I suppose it comes from a time when I had four kids who all needed school lunches, to be driven to afterschool sports and who would wake me up to finish their English essays. Or does it just come naturally to most women. John is hopeless at doing more than one thing at a time. He melts down if I ask him to discuss what we'll be wearing to an upcoming banquet while he is driving. I, on the other hand, have written a chapter in my head, planned my entire convention wardrobe and thought out dinner for that night during a trip to my health club.
So is it that women are natural multi-taskers and men can only use one part of their brain at a time? Maybe it dates from cavemen. "Ugh. Must keep following mammoth in case lose it!" While the women were, "Oh here are some berries, and I bet that grass has got seeds, and I spy some birds eggs and I'll take back some of those pine needles to make a basket."
Or is it just that all writers are multi-taskers? After all, we have to be able to pick up clues, notice body language, formulate ideas in all kinds of circumstances. We sit at a restaurant and overhear snippets of conversation from the next table and file them away for future use. we notice a woman playing with her hair while seemingly relaxed. We have future plots neatly compartmentalized in our brains. We are, to put it bluntly, superwomen. So my question is: "How come the cavemen got to rule the Earth and we're still picking berries?"
Dear Reds and Readers, are you good at multi-tasking?
HANK PHILLIPPI RYAN: I hear you, Rhys. But we didn't have to kill the mastodons. Or, now, take out the trash, if we're lucky.
I am of two minds on multitasking. On one hand--when I am trying to completely focus, on writing, particularly, I cannot, will not multi-task. I turn everything else off. Writing has to get 100 per cent. No matter how difficult that often is!
And when my producer thinks she can talk to me and read her email at the same time? I refuse to answer her. I say (very nicely, of course)--do your work. Then, when you're finished, we'll talk. And I am annoyed when I can hear people reading their emails while they talk to me on the phone.
"Oh, interesting," they'll say. Which is obviously shorthand for "I'm not totally listening." Your brain cannot do two things like that-- well--at one time.
On the other hand. If I am doing something that doesn't take my full brain, then It is impossible for me to do only one thing. Laundry, cooking, talk on the phone (briefly) plan dinner, defrost stuff, organize files, put together mailings, answer administrative emails. Jonathan has even asked me--can't you JUST watch TV without doing something else?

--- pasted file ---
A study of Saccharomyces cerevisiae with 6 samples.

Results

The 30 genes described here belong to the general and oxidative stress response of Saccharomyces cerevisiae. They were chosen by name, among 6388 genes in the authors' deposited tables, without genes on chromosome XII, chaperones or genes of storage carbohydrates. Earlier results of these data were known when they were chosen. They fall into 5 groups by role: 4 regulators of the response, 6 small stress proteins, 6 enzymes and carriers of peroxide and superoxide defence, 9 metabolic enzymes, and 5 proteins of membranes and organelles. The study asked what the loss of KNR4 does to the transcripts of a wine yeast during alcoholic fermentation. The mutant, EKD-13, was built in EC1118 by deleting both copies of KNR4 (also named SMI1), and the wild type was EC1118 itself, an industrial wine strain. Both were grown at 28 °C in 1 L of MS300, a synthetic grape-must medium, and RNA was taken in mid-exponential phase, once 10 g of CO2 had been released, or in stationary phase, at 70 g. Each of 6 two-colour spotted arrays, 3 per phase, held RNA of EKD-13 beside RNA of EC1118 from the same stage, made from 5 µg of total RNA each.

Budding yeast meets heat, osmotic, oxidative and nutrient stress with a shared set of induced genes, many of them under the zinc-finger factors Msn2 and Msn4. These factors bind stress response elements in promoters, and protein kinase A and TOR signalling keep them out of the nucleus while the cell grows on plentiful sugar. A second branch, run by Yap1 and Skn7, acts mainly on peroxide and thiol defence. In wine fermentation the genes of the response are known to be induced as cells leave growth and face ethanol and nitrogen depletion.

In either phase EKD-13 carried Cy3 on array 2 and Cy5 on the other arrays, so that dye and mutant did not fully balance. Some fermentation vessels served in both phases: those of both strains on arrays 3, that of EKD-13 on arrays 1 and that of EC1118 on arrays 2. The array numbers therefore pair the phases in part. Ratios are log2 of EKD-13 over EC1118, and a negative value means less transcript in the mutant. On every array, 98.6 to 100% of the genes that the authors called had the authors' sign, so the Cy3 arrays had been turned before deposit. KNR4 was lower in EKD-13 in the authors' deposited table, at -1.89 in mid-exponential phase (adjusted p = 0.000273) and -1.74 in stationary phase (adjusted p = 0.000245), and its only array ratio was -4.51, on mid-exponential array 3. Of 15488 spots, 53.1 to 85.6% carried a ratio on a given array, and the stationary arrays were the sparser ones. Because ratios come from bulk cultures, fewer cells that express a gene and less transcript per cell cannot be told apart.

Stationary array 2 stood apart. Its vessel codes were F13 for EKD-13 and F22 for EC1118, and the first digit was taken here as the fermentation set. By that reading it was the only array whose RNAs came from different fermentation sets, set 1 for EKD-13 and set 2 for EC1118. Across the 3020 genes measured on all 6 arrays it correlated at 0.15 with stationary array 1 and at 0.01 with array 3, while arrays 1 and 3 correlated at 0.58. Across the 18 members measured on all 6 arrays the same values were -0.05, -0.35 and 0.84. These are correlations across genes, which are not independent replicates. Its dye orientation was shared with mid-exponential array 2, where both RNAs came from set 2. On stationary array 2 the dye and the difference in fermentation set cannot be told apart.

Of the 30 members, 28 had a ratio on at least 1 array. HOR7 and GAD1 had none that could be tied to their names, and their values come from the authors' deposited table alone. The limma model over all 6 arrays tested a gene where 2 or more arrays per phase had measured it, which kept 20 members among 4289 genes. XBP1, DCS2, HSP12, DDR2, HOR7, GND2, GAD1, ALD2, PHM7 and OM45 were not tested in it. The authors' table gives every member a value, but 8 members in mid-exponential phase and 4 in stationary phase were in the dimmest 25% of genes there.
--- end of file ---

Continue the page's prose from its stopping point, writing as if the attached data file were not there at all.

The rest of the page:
I must admit this is...sometimes worrisome. Wouldn't it be better, quieter, not to try to do everything at once? But it does make one feel powerful. And then--tired.
JULIA SPENCER-FLEMING: I have become a complete mono-tasker by necessity in my middle age. I feel a little TOO much like Rhys's Cro Magnon woman - first I spot the berries, then I instantly forget them as I look at the grass seeds, and as I head for them I come across the birds' nest and poof! the seeds are gone from my train of thought. The Smithie says I have adult-onset ADD. My personal theory? Rising three very active kids wrecked my brain.
I USED to be able to multi-task well, and the challenge for me has been to institute new routines and tricks to keep me on task. So I'm using lists now (when I remember...) which I never used to need, and I'm trying to build in new habits to clear more off my plate. For instance, I now throw a load in the wash right after I get dressed in the morning (the bathroom/laundry room is next to my bedroom.) There are four adults living in the house, so there's always a load needing to get done. This way, I stay on top of it without having to think about it. I'm reading THE POWER OF HABIT by Charles Duhigg [Rhys: the url for the book at Indiebound is http://www.indiebound.org/book/9780812981605 ] and finding it thought-provoking and helpful.
HALLIE EPHRON: Multi-tasking? Like Julia, maybe once upon a time. I keep lists. Great, if I remember to read the lists. Prioritizing has become more important than multi-tasking.
And like Rhys some of my best ideas for twisting my plot come to me when I cannot physically write -- in the shower, cooking, driving, napping. But when I'm actually writing I can't even have music on.
LUCY BURDETTE: Rhys, you're too funny, it's hard to follow that intro with anything much! John has an astonishing ability to concentrate on one thing and block everything else out. (Sounds like Hank writing...) I, on the other hand, am all over the place. But if I really need his attention, I use a technique our daughter's soccer coach used with his team: Get right up close so they have to look you in the eyes and say firmly "Focus on me."
DEBORAH CROMBIE: Rhys, so funny. Rick is like the two Johns--when he's focused on something, nobody had better bother him with anything unless the house is burning or flooding. Who cares if the dogs need to go out, or there's nothing for dinner,or that two weeks worth of laundry need folding?? It may be genetic programming that allows men to do this, but I say it's bloody annoying!
What's very weird is that I although I multi-task while doing ordinary household things all the time, I SAY that I can't do anything else while writing. No music, no television, no checking email, no being interrupted by husband telling me every detail of the latest video he's watched on YouTube... And yet, I can take my lap top to a cafe or restaurant and pound out the words while all kinds of chaos goes on around me. Why is this? Is it because the distractions aren't personal? Nobody is expecting me to clear that restaurant table or do those dishes...
And for the record, I, alas, also make lists. And then I forget to look at them...
RHYS: So it's your turn. Are you a multi-tasker or do you have to focus on one thing at a time?